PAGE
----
Frankenweenie - ***
Directed by: Tim Burton
Starring (voices): Catherine O'Hara, Martin Short, Martin Landau, Winona Ryder
Review: I will start by saying that I am absolutely biased towards Tim Burton and stop-motion-go animation creations. They have depth, ingenuity, and most importantly they always have heart.
Whether it’s Jack Skellington’s search for something different in ‘The Nightmare Before Christmas,’ the quest for true love in ‘Corpse Bride’ amidst a seas of death and loneliness, or ‘Coraline’s’ yearning for attention from semi-neglectful parents, there’s always large themes beneath the surface. It seem Burton may actually be more comfortable exploring themes of life, death, and the desires of humans in this form as opposed to with real people.
We saw the surface of such things with Burton’s early work such as ‘Beetlejuice,’ ‘Edward Scissorhands,’ and to a lesser extent ‘Ed Wood’ and ‘Big Fish.’ His last few movies have lost their way a bit, but he still retains his love of the dark and lesser explored parts of our humanity.
‘Frankenweenie’ is about loss. Dealing with it, coping with it, and why it’s important for us to move on, while still cherishing the memories of what we once had. The main character Victor’s dog Sparky passes away in the early going of the film. Hit by a car in the middle of the street poor Sparky never stood a chance.
Victor and Sparky did everything together. For a lonely kid with few friends, Sparky was Victor’s best friend. Nearly inconsolable after his death, Victor would do anything to bring Sparky back. After seeing how electricity can affect dead animals in science class, he decides to see if he can use that power to completely re-animate his beloved dog. The rest of the story goes where you would expect from there, following the outline of the ‘Frankenstein’ story quite close, while still providing enough of it’s own flair.
One of the biggest differences from the source material is Victor’s friends taking his idea and using it to re-animate animals of their own. Unfortunately, their intentions aren’t nearly as pure and therefore, neither are their re-animated creations.
Borrowing many tongue-in-cheek references from past horror movies, the town becomes overrun with monsters of these children’s creations. This whole time these kids operate seemingly independent of their parents and family, who only seem to be there to provide food and the normal household appliances to allow them to complete their experiments.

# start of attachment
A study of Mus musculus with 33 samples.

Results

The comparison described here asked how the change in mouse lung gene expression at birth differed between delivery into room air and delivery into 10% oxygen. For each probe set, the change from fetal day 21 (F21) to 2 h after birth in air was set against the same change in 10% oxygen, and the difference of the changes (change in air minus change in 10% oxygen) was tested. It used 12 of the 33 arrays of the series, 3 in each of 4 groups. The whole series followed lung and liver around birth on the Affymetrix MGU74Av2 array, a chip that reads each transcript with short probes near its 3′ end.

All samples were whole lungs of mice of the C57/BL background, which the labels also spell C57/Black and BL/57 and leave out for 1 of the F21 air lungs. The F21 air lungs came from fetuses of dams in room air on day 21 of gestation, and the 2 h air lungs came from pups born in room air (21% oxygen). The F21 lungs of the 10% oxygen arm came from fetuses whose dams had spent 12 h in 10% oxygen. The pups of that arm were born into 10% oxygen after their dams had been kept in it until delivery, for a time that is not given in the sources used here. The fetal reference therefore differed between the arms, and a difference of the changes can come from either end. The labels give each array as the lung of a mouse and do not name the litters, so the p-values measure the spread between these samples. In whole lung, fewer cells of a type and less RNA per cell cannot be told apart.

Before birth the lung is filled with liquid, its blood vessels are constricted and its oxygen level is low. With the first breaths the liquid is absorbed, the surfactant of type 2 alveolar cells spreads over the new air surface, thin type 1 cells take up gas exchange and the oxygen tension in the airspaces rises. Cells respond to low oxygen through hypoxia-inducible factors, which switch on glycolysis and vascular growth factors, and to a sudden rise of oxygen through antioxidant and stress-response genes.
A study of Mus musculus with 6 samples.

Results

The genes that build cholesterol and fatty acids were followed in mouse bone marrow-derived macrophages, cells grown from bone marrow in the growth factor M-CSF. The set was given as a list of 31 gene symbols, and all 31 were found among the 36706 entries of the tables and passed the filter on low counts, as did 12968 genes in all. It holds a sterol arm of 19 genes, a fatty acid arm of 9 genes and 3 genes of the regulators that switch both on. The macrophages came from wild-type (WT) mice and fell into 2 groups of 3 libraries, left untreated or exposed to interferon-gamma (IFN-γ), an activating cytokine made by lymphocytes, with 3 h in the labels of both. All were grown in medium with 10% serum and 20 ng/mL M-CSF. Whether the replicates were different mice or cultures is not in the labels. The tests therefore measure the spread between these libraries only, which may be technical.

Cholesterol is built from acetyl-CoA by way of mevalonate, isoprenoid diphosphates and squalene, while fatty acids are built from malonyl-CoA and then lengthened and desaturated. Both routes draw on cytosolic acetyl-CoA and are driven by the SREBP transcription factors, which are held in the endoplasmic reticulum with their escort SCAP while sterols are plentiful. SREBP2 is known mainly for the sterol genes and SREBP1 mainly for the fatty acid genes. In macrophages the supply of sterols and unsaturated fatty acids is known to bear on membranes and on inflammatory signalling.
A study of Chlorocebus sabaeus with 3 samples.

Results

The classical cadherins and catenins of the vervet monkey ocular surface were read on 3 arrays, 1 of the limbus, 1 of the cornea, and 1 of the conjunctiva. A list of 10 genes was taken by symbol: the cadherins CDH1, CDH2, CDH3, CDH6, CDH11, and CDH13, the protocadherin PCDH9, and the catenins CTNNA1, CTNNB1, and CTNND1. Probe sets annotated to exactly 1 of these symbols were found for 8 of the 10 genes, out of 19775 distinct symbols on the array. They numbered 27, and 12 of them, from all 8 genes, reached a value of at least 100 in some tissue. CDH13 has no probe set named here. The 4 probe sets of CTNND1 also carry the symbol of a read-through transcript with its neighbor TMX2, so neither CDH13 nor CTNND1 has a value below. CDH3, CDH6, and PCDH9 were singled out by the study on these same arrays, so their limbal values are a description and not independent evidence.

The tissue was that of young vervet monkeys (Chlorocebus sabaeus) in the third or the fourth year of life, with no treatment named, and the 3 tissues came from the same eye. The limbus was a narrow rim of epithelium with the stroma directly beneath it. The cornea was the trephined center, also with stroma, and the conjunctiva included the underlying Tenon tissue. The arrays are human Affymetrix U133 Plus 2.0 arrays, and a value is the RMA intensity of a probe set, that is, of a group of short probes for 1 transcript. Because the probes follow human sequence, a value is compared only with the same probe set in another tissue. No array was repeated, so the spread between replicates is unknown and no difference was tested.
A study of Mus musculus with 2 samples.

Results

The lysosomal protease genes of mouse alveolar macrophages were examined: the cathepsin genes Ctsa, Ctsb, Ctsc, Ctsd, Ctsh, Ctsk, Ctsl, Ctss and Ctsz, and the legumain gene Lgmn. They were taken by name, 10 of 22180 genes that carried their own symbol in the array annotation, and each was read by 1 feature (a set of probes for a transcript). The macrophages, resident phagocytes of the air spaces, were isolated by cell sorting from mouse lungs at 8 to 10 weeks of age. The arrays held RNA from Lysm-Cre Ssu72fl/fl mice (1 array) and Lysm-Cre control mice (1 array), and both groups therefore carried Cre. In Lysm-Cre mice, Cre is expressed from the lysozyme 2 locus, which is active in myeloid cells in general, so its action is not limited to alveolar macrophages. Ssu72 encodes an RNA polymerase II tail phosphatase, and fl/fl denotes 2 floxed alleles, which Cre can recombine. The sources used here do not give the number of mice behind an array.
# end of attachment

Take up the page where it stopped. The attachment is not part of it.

In some ways, ‘Frankenweenie’ is a treatise on parents understanding their children. In large part, what children do can often be attributed the involvement (or lack thereof) from their parents. Parents have an understanding of how the world works and that the death of a dog, however tragic, means little when you’ve got bills to pay, mouths to feed, and a family to provide for. But kids compute things differently.
Victor’s parents secretly hope that Sparky’s death leads Victor to get out more and make new friends. They hope that he will stop doing his little science experiments and become what they believe to be a normal kid. But parents are so far removed from being children, they forget what it’s like.
This is the underlying message of the film. Victor has to learn how to grow up and process events that happen in life, but his parents have to learn to not lose sight of what’s important when the problems of the real world get in the way.
‘Frankenstein’ in all its incarnations has always been about being misunderstood. The monster is misunderstood, the creator is misunderstood, and nobody takes the time to try to ask the questions to make sense of the world around them. Events happen, people process them based on their preconceived notions of how the world works, and then act without taking a step back.
This story has always challenged that aspect of humanity. That in searching for understanding, of death, life, and solidarity we can reveal who we really are. Misunderstandings have led to many bad things in this world and this story goes to show that many horrible things can be avoided with the right amount of understanding.
Wrapped up in the trappings of a child’s movie is a deep message that is still necessary because its still not being heard.